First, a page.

Denon finally returned to the consumer headphone market, and they’ve made a big splash with their latest offerings. I spent some quality time with the AH-C700 (available in black or silver), and the upshot is that I’m not going to wait 2 days to call. They’re not cheap dates, though, at about $200. But they have such nice extension in both the bass and the treble that they rival similarly priced favorites from Etymotic and Shure, and they’re pretty tough to beat on comfort and build quality.
The bullet-shaped earphones have sturdy aluminum housings and symmetrical cables that are just rigid enough to resist tangling (there’s no anti-tangle slider though). The cables terminate in a gold-plated 3.5-mm miniplug that’s set in a small aluminum cylinder; where it comes out of the cylinder, the cable is protected by a short rubber sleeve, which means that part of the cable isn’t likely to wear out or fray from being tossed in a backpack or pocket.
The fit is nearly identical to that of Sony’s popular MDR-EX series–comfortable and relatively nonintrusive. They don’t block out as much noise as Shure or Etymotic earphones, but they do a decent job at saving you from hearing every detail of those
drunken inane conversations on the subway.
One thing that’s of some concern is that the large hole where the sound comes out is covered by a thin fabric filter that’s very exposed and thus prone to getting dirty or clogged. I’ve
mangled fixed several pairs of Sony EX-71’s, which have a similar design, by using a pin to pierce the filter when it gets so clogged that sound stops coming through. But while that’s fine for a $50 set of ‘buds, I’d be wary of doing that with a $200 pair.
Strangely, Denon missed the mark in the accessory department. Ultimate Ears has the metal “squircle” case, Shure has its zippered nylon case, and Etymotic includes a soft pouch. Included with the C700? Nada. Not even so much as a quarter-inch adapter or cleaning tool, though you do get some extra silicone tips. The lack of a case also adds to the danger of damaging the exposed filters.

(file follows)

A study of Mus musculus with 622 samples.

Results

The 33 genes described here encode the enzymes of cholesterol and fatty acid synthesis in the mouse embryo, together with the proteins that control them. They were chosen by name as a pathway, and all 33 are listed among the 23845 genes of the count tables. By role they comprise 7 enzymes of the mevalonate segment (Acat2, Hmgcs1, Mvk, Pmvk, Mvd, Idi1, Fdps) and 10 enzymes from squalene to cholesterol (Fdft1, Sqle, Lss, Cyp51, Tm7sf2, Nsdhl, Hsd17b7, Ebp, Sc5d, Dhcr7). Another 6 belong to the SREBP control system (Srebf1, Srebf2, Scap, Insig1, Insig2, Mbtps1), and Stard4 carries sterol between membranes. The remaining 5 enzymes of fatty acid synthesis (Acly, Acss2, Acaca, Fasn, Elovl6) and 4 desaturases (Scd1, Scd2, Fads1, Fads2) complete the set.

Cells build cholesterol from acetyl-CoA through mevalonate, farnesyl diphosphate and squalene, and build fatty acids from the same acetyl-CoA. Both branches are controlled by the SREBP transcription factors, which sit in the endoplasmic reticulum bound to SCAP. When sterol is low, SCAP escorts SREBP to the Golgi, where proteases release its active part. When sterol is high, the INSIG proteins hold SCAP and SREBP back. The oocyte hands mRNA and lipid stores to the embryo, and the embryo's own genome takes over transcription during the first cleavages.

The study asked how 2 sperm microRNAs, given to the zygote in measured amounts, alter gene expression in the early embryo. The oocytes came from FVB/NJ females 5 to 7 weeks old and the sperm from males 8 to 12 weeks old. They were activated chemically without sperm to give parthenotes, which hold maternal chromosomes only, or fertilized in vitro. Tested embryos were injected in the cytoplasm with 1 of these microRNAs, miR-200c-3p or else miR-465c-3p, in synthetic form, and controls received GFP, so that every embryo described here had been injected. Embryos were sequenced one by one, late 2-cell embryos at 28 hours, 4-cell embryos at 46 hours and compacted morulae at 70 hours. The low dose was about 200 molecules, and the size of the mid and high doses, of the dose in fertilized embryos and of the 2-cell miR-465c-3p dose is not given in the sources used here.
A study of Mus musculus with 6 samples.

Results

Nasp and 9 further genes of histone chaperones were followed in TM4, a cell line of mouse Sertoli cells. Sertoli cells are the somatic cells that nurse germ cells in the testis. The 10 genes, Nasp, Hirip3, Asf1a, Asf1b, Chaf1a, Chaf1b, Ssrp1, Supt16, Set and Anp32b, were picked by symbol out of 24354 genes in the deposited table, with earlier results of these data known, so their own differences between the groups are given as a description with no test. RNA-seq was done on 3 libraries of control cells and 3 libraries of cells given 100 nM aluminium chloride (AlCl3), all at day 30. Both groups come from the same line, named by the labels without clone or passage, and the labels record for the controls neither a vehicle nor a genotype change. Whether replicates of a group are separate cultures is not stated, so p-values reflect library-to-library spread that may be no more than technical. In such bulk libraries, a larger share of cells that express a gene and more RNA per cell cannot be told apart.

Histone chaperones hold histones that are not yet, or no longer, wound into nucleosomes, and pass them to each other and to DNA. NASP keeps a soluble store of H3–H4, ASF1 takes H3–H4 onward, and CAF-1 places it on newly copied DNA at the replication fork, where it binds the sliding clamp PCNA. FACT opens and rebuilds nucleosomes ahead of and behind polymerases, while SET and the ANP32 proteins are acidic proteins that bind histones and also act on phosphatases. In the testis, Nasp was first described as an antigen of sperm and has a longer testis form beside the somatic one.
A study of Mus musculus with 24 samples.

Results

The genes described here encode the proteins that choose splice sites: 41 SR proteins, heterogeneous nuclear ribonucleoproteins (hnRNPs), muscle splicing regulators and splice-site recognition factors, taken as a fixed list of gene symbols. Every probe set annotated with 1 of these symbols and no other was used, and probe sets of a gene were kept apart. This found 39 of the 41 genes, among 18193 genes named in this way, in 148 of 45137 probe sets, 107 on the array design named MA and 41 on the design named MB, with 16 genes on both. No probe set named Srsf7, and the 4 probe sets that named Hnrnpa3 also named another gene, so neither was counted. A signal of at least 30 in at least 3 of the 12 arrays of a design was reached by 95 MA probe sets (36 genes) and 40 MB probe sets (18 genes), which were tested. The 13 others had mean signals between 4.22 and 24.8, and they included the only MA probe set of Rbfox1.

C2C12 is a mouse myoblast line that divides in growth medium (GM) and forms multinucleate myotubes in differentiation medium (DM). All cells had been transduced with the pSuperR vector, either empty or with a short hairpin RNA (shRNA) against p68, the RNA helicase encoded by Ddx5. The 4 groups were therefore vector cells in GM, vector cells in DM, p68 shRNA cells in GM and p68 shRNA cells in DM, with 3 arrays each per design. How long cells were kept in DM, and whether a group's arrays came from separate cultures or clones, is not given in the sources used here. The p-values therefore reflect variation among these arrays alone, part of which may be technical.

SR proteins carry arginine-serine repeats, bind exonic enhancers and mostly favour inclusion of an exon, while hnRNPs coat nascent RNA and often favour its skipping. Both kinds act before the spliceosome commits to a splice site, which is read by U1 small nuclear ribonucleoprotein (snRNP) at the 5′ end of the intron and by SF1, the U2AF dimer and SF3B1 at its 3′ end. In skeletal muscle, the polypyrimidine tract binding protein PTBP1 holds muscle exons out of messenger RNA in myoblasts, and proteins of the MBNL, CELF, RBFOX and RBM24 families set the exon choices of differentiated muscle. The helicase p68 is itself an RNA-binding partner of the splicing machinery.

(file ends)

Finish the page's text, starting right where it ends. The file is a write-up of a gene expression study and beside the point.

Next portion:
The C700’s sound quality makes up for other shortcomings. I tested them against other single-driver headphones at various price ranges, including the Shure E2c, Shure E3c, Etymotic ER6i, Etymotic ER4P, and Creative Zen Aurvana, and the Denons stacked up very well. The Denons came in behind only the Ety ER4P in terms of detail and bass response, though every other model blocked out way more ambient sound.
The Denons have excellent extension in the bass register, though I can guarantee some folks
who are deaf as a post from listening to hypercranked iPodswill complain that there’s not enough bass, but it really is there–you’ve just got to get a good seal between the silicone and your ear canal.
They really shine, though, in the upper register, with sparkling highs and a nice lively sound for acoustic music. You’ll hear it most in music with a lot of dynamic range–sudden cymbal crashes can be downright startling. The mids aren’t honky or recessed; they’re just a bit up front, so vocals really pop without being out of balance.
The rated electrical impedance of the C700 is 16 ohms, which means any music player will have no trouble driving them. I used a 30GB video iPod, and I rarely had to turn it up past around two-thirds of the way up for a satisfying listen in a café–a bit more on the subway, and a bit less at home. For efficiency, the Creative Zen Aurvana is tough to beat (partly because they blocks out so much noise), but the Denons do pretty well.
If you want thumpier bass, go dual-driver (Shure SE420, UE super.fi 5 Pro). If you want accuracy for seriously critical listening, the Etymotic ER4P or ER4S is a better fit. But if you’re looking for well-balanced high-definition sound and don’t want to be completely isolated from the aural landscape around you, the Denon AH-C700 is a very good–but pricey–choice. The Denon’s comfortable fit and solid construction are nice bonuses, but you’ll have to DIY your own accessories.